The president and vice president of Potomac Investment Advisors Ltd. of McLean have agreed to settle a Securities and Exchange Commission eivil complaint accusing them of violating securities laws and misusing clients' money.

The SEC complaint charged that Potomac officers misused a special account set up to handle funds of the company's 140 customers, for whom Potomac managed about $10 million in investments.

Potomac's president Willard J. Miller withdrew about $135,000 from the account for his own use, the SEC complaint alleged.

Miller also allowed about 40 of Potomac's customers to take more money out of the account then they were entitled. The SEC complaint does not specify whether the customers knew they were overdrawing the account.

The complaint charged that Miller's son, John Scott Miller, vice president of Potomac, failed to keep proper records of the Special account.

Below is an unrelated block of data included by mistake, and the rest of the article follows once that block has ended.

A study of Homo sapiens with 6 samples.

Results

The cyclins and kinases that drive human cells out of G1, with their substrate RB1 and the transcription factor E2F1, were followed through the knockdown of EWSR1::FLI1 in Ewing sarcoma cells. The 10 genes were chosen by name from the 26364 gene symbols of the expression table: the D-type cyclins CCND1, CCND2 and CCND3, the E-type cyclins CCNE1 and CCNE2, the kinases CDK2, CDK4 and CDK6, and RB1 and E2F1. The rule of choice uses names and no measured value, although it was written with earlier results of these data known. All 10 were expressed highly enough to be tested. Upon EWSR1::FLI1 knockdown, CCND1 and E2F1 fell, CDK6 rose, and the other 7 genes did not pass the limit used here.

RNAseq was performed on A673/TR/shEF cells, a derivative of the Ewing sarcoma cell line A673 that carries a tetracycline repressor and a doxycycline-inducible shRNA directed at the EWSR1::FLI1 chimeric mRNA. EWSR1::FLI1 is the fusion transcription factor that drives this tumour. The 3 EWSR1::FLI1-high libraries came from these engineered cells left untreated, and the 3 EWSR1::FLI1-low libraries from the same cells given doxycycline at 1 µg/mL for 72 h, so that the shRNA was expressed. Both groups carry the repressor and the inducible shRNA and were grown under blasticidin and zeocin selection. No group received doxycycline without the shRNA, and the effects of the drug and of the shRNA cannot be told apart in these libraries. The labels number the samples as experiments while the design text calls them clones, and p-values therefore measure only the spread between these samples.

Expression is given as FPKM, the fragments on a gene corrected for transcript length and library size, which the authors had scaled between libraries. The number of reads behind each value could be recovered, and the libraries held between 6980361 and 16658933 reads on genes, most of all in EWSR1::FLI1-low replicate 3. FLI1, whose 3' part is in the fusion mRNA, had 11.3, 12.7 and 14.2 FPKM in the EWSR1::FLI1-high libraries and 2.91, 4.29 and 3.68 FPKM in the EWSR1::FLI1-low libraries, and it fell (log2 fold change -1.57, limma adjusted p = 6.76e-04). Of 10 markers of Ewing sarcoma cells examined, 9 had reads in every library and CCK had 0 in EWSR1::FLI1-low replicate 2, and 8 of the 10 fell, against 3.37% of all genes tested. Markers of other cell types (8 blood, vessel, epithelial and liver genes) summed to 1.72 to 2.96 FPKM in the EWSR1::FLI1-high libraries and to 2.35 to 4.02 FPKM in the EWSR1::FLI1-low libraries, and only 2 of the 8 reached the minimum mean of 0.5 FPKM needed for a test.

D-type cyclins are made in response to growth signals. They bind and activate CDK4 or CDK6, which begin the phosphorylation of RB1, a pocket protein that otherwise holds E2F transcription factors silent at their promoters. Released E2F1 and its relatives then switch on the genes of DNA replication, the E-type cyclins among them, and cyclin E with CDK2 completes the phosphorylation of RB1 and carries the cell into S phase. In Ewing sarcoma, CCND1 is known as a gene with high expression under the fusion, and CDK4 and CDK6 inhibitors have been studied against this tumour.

U.S. District Court Judge Albert Bryan Jr., in Alexandria, issued a permanent injunction Wednesday prohibiting the Millers and Potomac Investment from violating securities laws.

The defendants signed a consent order agreeing to accept the SEC settlement, without admitting or denying the charges.

Under the terms of the settlement, Potomac is prohibited from further trading in customers' accounts, except to liquidate them. The company also agreed to provide its customers with a full accounting of their funds, although the Millers said they could not afford to hire an independent accountant to do so.